Tens of thousands of people demonstrated in all Myanmar cities on Sunday in opposition to the military coup on February 1.
The protesters also demanded Aung San Suu Kyi’s release, the president, and the rest of the Democratic leaders.
On the second consecutive day of demonstrations, crowds in Yangon wore T-red shirts, flags, and balloons to support the National League for Democracy (NLD) party. They chanted: “We don’t want military dictatorship! We want democracy!”
Such demonstrations have been the country’s largest protests since the Saffron Revolution of 2007 that helped establish democratic reforms.
Protesters took to the streets shortly after the junta ended a one-day Internet blackout that sparked demonstrations inside and outside the country. Days before, the military rulers ordered Internet service providers to block Facebook and other platforms for the sake of “stability.”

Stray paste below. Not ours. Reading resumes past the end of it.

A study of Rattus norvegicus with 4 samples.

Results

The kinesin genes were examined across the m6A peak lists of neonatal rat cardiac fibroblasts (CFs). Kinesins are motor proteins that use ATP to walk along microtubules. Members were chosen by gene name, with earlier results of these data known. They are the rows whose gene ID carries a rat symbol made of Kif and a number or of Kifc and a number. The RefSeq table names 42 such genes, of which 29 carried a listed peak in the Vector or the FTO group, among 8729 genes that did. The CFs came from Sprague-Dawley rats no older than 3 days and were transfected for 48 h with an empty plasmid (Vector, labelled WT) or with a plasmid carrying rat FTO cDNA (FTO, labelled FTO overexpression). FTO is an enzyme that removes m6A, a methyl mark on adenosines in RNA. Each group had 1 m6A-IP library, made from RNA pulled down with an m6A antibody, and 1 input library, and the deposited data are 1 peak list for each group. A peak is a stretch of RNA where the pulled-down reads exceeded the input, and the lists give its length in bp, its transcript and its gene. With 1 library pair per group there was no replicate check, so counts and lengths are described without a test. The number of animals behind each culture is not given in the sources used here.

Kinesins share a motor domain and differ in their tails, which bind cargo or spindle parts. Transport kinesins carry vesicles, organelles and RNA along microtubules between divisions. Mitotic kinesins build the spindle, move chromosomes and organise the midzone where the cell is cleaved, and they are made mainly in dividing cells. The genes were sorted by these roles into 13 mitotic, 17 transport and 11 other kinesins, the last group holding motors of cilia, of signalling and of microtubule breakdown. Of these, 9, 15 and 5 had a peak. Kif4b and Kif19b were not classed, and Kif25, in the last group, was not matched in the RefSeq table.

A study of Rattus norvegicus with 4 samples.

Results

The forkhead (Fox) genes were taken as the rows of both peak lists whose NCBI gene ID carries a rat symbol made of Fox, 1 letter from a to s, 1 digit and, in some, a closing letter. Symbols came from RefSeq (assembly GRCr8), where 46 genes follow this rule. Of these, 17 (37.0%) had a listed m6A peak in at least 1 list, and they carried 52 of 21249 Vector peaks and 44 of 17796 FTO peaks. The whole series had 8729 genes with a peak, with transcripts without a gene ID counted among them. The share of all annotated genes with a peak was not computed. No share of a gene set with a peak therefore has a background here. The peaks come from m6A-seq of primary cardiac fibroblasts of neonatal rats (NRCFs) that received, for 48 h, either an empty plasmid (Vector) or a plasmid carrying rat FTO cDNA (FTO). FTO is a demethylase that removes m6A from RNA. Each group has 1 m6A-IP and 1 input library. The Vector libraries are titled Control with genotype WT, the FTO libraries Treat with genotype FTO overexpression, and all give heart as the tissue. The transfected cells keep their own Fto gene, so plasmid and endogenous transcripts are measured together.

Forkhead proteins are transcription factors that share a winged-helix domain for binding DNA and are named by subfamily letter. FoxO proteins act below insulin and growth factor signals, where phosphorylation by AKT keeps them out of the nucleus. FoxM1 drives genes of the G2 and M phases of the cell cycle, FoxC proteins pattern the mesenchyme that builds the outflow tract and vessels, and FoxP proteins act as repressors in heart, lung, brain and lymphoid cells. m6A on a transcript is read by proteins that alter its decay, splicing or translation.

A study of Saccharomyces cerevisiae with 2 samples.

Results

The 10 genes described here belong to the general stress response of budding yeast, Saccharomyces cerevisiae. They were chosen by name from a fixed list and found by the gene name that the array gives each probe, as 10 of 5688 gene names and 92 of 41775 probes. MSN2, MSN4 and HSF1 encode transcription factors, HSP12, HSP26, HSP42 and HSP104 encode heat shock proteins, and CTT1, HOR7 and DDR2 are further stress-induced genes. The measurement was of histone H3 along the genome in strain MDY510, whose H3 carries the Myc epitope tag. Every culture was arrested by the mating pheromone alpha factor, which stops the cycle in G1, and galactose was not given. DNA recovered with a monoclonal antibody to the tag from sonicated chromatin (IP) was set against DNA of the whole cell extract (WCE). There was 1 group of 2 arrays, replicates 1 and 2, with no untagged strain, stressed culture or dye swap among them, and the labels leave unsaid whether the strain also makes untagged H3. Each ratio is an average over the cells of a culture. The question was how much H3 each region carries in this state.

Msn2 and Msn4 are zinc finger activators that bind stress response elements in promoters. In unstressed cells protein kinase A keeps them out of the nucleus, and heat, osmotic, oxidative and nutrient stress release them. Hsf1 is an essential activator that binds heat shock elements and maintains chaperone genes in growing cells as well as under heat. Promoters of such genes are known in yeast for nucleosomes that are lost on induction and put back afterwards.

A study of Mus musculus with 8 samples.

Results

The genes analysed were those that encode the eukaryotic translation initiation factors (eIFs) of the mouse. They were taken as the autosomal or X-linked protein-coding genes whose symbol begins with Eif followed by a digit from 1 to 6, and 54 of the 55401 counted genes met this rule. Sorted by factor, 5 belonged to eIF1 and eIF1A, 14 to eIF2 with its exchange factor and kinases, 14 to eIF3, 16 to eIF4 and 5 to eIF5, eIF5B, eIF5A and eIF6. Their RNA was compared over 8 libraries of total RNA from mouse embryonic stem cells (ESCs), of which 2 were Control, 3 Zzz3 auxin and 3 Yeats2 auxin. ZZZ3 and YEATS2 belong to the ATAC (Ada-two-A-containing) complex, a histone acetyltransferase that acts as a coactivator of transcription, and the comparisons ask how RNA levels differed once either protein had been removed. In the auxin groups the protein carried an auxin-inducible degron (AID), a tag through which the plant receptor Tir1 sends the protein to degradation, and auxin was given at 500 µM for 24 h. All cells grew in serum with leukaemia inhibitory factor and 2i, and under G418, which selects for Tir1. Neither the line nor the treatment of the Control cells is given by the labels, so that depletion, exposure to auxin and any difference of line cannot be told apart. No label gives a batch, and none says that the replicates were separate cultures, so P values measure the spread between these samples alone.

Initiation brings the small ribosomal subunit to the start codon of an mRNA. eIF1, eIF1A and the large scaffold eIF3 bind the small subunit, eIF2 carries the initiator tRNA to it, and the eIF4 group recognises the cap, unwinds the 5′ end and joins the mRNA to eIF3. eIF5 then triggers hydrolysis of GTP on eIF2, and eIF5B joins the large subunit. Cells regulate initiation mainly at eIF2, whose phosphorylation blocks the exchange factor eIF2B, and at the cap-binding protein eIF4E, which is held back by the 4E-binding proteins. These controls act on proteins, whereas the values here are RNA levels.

Police deployed, and a line of officers armed with riot shields formed barricades but did not attempt to stop the protests.
Some protesters gave the policemen flowers and bottles of water as a sign of peace. Thaw Zin, a 21-year-old protester, said: “We don’t want a dictatorship for the next generation. We will not finish this revolution until we make history. We will fight to the end.”
The junta, based in the capital Naypyitaw, has not commented on the matter.
State television media did not mention the protests. However, an internal note to UN staff estimated that around 1,000 people protested in the capital. In Yangon, the country’s largest city, more than 60,000 people rallied against the military government.
Protests were also reported in Mandalay and other towns and villages across the country, which has more than 53 million people.
Reports indicated that the demonstrations have been mostly peaceful. However, shots were heard in Myawaddy, in the southeast of the country. This happened after armed uniformed police officers charged a group of a couple of hundred protesters.
Some photos showed protesters injured by what appeared to be rubber bullet wounds.
According to Thomas Andrews, United Nations Special Rapporteur for Myanmar, more than 160 people have been arrested since the military coup.